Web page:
I’m glad that there’s a tradition of short story anthologies in comics. In comics you can accomplish a lot in a few simple pages; it’s a medium well suited to the format. The last few years have been great for short story collections, and this year also looks good – we’ve got Carolyn Nowak’s first collection Girl Town coming out later this year, and recently Chicago-based cartoonist Raziel Puma released Yellow Light #1 from Low Key Label. Puma is a cartoonist I follow on Instagram, but doesn’t have any other published work I’m aware of. Yellow Light is an oversized full color 28-page anthology of short stories reminiscent of the one-person alt comics anthologies of the past (think Acme Novelty Library or Eightball).
The anthology starts out with a letters page and two smart black and white comics – one on the nature of police brutality and the other on oral sex. These quick, smart comics set up the tone of Yellow Light, which is darkly funny, and somewhat melancholy, and the work more or less follows those lines.
Puma’s work shines best when he’s working with a limited color palette. His comic “The Phone Call” features a man making a phone call to a woman who it seems like he likes. He’s trying to psych himself up to have a good conversation, but says all the wrong things and makes a complete ass of himself. “The Phone Call” is the kind of cringe humor that doesn’t work well for me, but it’s really well executed. Of all the comics in the collection, the standout piece in the book is “Picos de Europa,” where a young woman deals with her father’s death, and the death of a regular customer at the grocery store she works at in starkly different ways. It’s subtle and beautiful, one of the best comics short stories I’ve read in awhile.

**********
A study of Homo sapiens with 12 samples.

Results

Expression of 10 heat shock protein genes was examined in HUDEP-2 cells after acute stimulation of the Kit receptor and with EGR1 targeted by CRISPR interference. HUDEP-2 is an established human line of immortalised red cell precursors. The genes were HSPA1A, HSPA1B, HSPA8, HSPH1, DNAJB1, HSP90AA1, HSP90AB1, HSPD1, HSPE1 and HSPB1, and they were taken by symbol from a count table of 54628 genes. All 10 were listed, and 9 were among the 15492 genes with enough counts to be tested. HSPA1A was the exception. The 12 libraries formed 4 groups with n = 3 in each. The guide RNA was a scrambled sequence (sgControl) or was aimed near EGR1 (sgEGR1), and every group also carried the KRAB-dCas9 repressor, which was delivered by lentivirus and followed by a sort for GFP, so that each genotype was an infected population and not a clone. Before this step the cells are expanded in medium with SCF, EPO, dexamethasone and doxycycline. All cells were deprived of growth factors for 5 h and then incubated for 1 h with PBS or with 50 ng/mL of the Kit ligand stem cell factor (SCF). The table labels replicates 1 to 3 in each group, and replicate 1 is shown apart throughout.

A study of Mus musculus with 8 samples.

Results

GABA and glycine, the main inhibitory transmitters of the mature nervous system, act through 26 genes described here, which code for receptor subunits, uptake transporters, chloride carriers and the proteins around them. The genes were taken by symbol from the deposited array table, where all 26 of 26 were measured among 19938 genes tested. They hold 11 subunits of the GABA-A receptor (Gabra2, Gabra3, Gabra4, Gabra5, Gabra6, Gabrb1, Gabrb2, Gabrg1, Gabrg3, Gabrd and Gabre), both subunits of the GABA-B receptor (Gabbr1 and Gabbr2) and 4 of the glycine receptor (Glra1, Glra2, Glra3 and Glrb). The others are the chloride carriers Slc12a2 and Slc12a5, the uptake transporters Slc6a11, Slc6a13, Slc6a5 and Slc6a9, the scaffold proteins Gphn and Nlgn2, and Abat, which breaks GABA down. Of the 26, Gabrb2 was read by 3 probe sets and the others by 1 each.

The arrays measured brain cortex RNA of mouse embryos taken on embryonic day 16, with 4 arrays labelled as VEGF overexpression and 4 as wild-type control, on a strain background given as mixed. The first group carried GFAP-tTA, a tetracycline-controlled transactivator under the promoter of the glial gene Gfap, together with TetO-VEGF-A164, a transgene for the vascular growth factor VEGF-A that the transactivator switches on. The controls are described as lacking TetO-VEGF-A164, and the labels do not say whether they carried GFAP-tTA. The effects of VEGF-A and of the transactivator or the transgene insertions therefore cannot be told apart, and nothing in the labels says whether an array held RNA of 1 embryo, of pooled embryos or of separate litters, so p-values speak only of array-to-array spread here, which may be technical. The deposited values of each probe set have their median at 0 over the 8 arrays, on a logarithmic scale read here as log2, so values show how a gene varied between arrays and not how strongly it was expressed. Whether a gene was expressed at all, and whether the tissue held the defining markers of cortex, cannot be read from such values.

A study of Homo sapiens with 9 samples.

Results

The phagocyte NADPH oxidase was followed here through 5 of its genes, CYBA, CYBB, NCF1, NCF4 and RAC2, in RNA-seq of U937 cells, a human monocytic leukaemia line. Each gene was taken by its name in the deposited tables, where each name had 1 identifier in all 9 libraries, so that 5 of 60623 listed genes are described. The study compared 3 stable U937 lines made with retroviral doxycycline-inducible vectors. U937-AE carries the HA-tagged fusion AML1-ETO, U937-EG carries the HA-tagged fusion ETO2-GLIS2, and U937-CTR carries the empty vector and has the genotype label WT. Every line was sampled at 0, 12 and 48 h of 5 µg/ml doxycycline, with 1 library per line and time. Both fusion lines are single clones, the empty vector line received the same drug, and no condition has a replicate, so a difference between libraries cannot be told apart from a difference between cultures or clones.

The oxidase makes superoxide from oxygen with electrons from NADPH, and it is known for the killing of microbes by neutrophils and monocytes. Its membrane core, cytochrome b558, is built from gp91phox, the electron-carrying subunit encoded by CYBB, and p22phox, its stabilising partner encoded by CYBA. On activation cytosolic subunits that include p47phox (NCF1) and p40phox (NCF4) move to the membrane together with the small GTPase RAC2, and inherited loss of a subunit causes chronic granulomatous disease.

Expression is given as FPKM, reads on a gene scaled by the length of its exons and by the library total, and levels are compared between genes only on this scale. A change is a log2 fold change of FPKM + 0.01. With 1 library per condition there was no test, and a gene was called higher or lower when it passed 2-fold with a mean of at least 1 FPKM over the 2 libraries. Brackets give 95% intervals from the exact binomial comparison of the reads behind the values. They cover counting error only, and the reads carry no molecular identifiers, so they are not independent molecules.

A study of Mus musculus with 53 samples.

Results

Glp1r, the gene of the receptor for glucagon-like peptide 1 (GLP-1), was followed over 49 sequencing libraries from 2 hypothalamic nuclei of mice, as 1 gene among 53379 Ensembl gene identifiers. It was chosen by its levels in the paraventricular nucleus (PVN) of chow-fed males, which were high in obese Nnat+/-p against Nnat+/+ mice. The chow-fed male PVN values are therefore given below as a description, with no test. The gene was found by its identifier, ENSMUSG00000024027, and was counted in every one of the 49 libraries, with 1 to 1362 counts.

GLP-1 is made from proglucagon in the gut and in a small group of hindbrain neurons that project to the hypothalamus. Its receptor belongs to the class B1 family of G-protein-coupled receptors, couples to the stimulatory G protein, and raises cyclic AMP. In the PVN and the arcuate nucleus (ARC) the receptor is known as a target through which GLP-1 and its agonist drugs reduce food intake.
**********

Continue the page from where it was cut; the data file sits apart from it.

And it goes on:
Puma’s fully colored comics are a different animal. While the front and back covers look great, his first full color comic “I Want to Kill Myself” looks starkly different. In “I Want to Kill Myself” his colors are scratchy and mottled, and the linework is less polished than the other selections in the book. The same is true for “I’m Not a Good Person,” his other full color comic in the book. Both of these comics look a little older, perhaps, and “I’m Not a Good Person” lacks forward momentum; that specific comic feels like an excerpt of a longer story and doesn’t have a whole lot going on.
The production values are also a little mixed. The book has a nice paperweight and it’s oversized. The colors on the cover look clean and attractive. It’s nice to leaf through. But the printing could stand to be improved – some of the comics are really clean, while others have a lossy quality, as though the printer was working off of a compressed file.
Yellow Light #1 is bogged down by production issues and a few pieces that don’t pass muster. But with that said, for a first book, I think Yellow Light #1 has a lot going for it.There are some genuinely good comics here. I’d happily read more of Puma’s work in other anthologies or a Yellow Light #2, provided he irons out some of the kinks that are present in this first issue. Let’s see where he goes from here.